Making A Murderer viewers are absolutely furious with Ken Kratz... again 1 year ago

Making A Murderer viewers are absolutely furious with Ken Kratz... again

He has really annoyed people.

Given the litany of divisive opinions, theories and emotions regarding the murder of Teresa Halbach - documented in Netflix’s series Making a Murderer - it’s obvious that passions and debate will run high.

As previously reported, the timeline of events, allegations and developments is extraordinary, and while the majority of viewers are united in their belief that Steven Avery and Brendan Dassey are innocent, Ken Kratz has been placed in the position as ‘Public Enemy Number One’ for most people.

To begin with, it’s worth noting that Kratz refused an invitation from Moira Demos and Laura Riccardi, the directors of Making A Murderer, to be interviewed for Part Two.

This being said, Kratz does appear throughout the documentary as the filmmakers use local media footage and interviews that Kratz gave to various outlets.

For anyone that's familiar with the case, Kratz is a very well known figure.

As the former special prosecutor, he was the District Attorney who successfully prosecuted Steven Avery and Brendan Dassey for the 2005 murder of Teresa Halbach, a conviction that proved highly controversial due to accusations of a conspiracy on behalf of the law enforcement officials to frame both men for the murder.

Since the documentary originally aired in 2015, Kratz has been involved in various disputes with Demos and Ricciardi because he refutes their account of events.

This being said, Kratz did give a bizarre interview in which he admits "I was a d*ck" and he has also published a book which he claims to be "the whole story” about the Making a Murderer experience.

If you've seen Part Two then you'll know that Kratz made his presence felt on 14 February 2017 because he decided to hold a press conference at the Federal Court House in Chicago.

At that exact moment and location, Brendan Dassey's legal team of Laura Nirider and Robert Dvorak were making their oral arguments before the Seventh Circuit Court of Appeal in Chicago.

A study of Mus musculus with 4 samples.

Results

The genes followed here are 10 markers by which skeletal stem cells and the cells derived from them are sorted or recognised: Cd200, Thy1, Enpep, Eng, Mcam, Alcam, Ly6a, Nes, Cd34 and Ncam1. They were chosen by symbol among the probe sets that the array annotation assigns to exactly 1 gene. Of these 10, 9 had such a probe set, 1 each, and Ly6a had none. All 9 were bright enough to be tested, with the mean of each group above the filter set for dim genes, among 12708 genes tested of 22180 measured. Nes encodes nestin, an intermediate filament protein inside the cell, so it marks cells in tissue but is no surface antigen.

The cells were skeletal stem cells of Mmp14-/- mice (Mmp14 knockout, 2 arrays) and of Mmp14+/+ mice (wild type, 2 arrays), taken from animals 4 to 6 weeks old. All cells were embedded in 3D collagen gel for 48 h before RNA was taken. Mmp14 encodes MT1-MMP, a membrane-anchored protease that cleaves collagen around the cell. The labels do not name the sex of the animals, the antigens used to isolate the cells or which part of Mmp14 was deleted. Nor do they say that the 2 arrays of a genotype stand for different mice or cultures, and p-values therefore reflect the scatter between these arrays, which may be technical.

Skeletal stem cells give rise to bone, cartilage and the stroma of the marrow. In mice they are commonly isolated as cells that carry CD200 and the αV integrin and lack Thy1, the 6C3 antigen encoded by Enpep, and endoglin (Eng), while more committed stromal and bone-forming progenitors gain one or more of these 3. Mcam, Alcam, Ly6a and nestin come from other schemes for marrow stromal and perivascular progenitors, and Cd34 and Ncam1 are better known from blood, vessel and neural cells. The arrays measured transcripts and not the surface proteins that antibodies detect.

Dassey's legal team were arguing that their client was coerced into confessing to the rape and murder of Teresa Halbach.

There was no DNA or other physical evidence linking Dassey to the crime, and his conviction rested solely on his confession. Dassey was sentenced to life in prison with no possibility of parole until 2048 but U.S. Magistrate Judge William E. Duffin reversed this conviction. On appeal, the Seventh Circuit panel consisting of Judges Illana Rovner, Anne Claire Williams, and David Hamilton affirmed the reversal.

Teresa Halbach’s family were also present at the hearing.

Demonstrating an extreme lack of decorum and tact, Kratz used this court hearing as the opportunity to arrive and ensure that the focus was very much on him.

After this media circus unfolded, Steve Drizin, Brendan Dassey's post conviction lawyer, said that the: "Federal Court is a sanctuary of sorts” and Kratz’s actions had “soiled the process."

To compound matters, three days after these oral arguments were heard, Kratz and the co-lead investigator of Teresa Halbach's murder, Tom Fassbender, gave an interview to the TV show Dateline.

Kathleen Zellner, Steven Avery's attorney, has said that Kratz's continued interest in this case is “unprecedented” and that he's solely interested in "an active character assassination tour" in 2017. 

When asked if he was afraid of Zellner, Kratz said: “No, I’m not involved in the case anymore. I shouldn’t be afraid of anything. My involvement is concluded.”

Kratz isn’t a prosecutor anymore and the Associated Press reported in 2010 that he sent "repeated text messages trying to spark an affair with a domestic abuse victim while he was prosecuting her ex-boyfriend," citing a police report. After two more women came forward alleging he sexually harassed them, he resigned from his office in October 2010.

Part Two of the documentary also argues that Kratz’s behaviour is a violation of constitutional rights because its impairs Avery’s right to a free trial.

With regards to the press conference that he held to coincide with the oral arguments that took place before the 7th Circuit Court of Appeal in Chicago, people were not impressed.